Tue, Feb 14, 2012 - Page 2 News List

Cattle farmers mull protesting over US beef

FLOODGATES:The beef industry feels that if the government allows imports of US beef with ractopamine, it will eventually be forced to accept even more US meats

Staff Writer, with CNA

Cattle farmers will team up with pig farmers and protest in Taipei if the government caves in to US pressure and drops its ban on ractopamine in imported US beef, a group of farmers said yesterday.

The Taiwan Beef Industry Progress Association plans to burn US flags and portraits of US President Barack Obama during a demonstration scheduled for later this month in Taipei, Tseng Chin-jui (曾進瑞) said on behalf of association director Liu San-ho (劉三和).

The association firmly opposes any policy that would allow the use of the controversial leanness-enhancing drug ractopamine.

The beef industry said if the Taiwanese market were opened to US beef containing the drug, the market would eventually be forced to accept even more US meat products.

“All the world, including the US itself, is going organic. Why do they want Taiwanese to eat US beef reared using ractopamine?” the association said.

Pig farmers originally planned the protest because they feared that allowing imports of US beef with ractopamine would pave the way for the drug’s presence in pork.

Hsu Kuai-sheng (許桂森), director of the Council of Agriculture’s husbandry division, visited swine farmers in Taoyuan, Hsinchu, and Miaoli counties and Greater Taichung yesterday to hear their opinions.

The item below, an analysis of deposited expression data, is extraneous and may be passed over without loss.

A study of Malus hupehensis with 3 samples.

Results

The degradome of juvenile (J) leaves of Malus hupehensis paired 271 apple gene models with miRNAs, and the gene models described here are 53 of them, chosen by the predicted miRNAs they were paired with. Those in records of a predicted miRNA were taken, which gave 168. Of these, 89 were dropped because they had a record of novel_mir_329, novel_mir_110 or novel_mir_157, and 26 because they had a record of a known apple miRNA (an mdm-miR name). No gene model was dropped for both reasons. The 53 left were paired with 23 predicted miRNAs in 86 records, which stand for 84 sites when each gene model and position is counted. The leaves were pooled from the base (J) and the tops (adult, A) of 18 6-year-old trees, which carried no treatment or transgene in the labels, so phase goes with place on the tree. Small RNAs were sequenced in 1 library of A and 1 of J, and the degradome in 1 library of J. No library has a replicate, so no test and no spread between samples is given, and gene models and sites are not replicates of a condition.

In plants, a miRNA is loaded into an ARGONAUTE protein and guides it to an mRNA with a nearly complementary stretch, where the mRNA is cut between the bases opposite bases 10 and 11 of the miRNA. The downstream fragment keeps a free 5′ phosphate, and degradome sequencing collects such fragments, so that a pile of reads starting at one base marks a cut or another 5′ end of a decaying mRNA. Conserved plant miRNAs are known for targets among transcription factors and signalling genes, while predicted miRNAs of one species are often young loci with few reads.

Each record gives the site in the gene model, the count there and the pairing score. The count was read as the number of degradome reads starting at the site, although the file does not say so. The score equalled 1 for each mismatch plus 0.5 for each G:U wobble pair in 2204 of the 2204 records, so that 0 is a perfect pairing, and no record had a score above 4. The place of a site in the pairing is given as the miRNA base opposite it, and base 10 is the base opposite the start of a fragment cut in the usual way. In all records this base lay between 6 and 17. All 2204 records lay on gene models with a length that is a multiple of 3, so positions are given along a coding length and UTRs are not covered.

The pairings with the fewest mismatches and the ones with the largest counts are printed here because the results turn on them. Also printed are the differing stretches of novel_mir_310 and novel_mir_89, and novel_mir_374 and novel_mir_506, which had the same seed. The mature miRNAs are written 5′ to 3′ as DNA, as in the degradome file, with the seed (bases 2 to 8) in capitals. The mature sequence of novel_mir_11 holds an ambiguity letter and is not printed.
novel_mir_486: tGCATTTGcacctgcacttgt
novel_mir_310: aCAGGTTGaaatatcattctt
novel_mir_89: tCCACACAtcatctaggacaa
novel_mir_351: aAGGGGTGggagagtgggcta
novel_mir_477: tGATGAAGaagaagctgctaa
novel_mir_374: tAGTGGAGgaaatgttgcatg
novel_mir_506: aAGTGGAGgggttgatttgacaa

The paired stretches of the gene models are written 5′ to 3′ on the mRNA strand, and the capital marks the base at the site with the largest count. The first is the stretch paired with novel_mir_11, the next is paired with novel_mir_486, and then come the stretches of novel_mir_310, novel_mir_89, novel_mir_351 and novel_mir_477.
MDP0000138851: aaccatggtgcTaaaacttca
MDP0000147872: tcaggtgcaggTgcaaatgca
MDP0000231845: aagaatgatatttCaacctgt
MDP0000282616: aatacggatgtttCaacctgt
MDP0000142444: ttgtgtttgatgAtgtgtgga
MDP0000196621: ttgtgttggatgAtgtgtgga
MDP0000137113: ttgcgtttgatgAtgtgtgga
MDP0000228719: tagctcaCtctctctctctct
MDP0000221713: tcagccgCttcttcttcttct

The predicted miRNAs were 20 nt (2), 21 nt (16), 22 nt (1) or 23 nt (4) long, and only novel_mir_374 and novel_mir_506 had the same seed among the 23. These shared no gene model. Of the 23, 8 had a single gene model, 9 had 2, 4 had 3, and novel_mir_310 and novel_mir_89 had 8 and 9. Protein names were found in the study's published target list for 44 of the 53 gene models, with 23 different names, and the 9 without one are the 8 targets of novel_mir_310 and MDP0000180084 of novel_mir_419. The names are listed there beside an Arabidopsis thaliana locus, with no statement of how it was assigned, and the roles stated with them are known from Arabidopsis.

He said he would urge them to have confidence in the government.

The protest plans come amid speculation that the government is considering a plan to adopt a practice similar to Japan’s in which local farmers are banned from using ractopamine, but imports of US beef containing residue from the drug would be allowed.

A closed-door inter-ministerial meeting on beef imports took place on Friday, but no decision was made on whether the government would say “yes” to US beef containing ractopamine.

President Ma Ying-jeou (馬英九) reiterated yesterday that the government has not set a timetable for resolving the problem and is not currently partial to any particular solution.

“We will surely assess and research both public health consideration and our trade and economic interests, as well as inviting opinions from different fields. A decision will be made based on science, experience and facts,” Ma said.

Ma also reiterated that the government has not made any promises to Washington.